I manage to have both never actually watched an episode of Mission: Impossible and lament that no one seems to remember the TV show anymore; famously, at the premiere of the first movie, terrible MTV VJ Kennedy (who I remember better as Terrible KROQ Intern Kennedy—even the DJs hated her) asked what he was doing there. He didn’t kill her, which I think showed fine restraint on his part. And for heaven’s sake, the movie came out in 1996 and his Oscar-winning performance in Ed Wood was in 1994, and aren’t celebrities fairly common at movie premieres even if they don’t have anything to do with the movie?
He was a member of the Actors’ Studio, in fact the head of the Hollywood branch until, well, this weekend. He’d been a cartoonist, working on The Gumps, before quitting to be an actor. At the studio, he befriended James Dean and Steve McQueen. He was twentieth-billed in Pork Chop Hill, and the same year, he was eighth-billed as Leonard in North by Northwest, the grim henchman who tried to stomp on Cary Grant’s fingers as he dangled off Mount Rushmore. He was never a leading man, though he did have a fine TV career.
That faded a bit when Space: 1999 went off the air, ending up in The Harlem Globetrotters on Gilligan’s Island, which isn’t even the highlight of the Harlem Globetrotters’ career. Perhaps prophetically, part of his comeback involved playing Dracula on the stage. He performed Oscar-nominated roles for first Coppola and then Allen, eventually winning for his portrayal of Bela Lugosi in Tim Burton’s Ed Wood. He has worked consistently, with his last film being this year’s The Last Poker Game.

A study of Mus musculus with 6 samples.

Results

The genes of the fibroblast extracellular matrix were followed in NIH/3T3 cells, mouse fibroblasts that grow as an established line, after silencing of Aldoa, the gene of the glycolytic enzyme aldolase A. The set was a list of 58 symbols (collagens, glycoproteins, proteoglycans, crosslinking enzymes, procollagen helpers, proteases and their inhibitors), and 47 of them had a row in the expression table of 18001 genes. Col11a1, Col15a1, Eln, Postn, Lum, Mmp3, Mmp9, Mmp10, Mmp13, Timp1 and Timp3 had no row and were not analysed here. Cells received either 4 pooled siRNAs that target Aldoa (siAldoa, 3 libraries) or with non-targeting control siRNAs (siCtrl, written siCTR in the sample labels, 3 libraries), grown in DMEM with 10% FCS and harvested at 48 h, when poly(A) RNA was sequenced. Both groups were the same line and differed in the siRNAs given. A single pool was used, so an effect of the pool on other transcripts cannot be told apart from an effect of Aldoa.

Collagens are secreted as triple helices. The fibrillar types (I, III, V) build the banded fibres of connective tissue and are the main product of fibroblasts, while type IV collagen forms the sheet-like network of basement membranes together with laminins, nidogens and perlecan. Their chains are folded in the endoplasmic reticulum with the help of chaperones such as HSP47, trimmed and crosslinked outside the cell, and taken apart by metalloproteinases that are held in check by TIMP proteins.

It would be simplistic to write Landau’s Lugosi off as a gimmicky role. And I’m sure there are plenty of people who will argue that he didn’t deserve the Oscar; after all, he beat out Samuel L. Jackson, nominated that year for Pulp Fiction. But Landau walks a fine line in the movie, eliciting sympathy for a cranky old morphine addict while never actually allowing you to slip into pity for him. He is well served by the script, and it’s true that I like Tim Burton more than a lot of people, but he does give one of the best performances in any Tim Burton film, and the fact that I don’t believe it’s been matched indicates that it’s more about Landau the actor than Burton the director.
At 89, he was one of the last actors of his generation, having managed to avoid the car accidents and cancer and reaching the average lifespan that has taken out so many of the others. Even in 1959, there was something compelling about him—he certainly can’t be called handsome, and even if he could, he wasn’t going to outshine James Mason, much less Cary Grant. But he drew the eye, and while you were looking, he acted.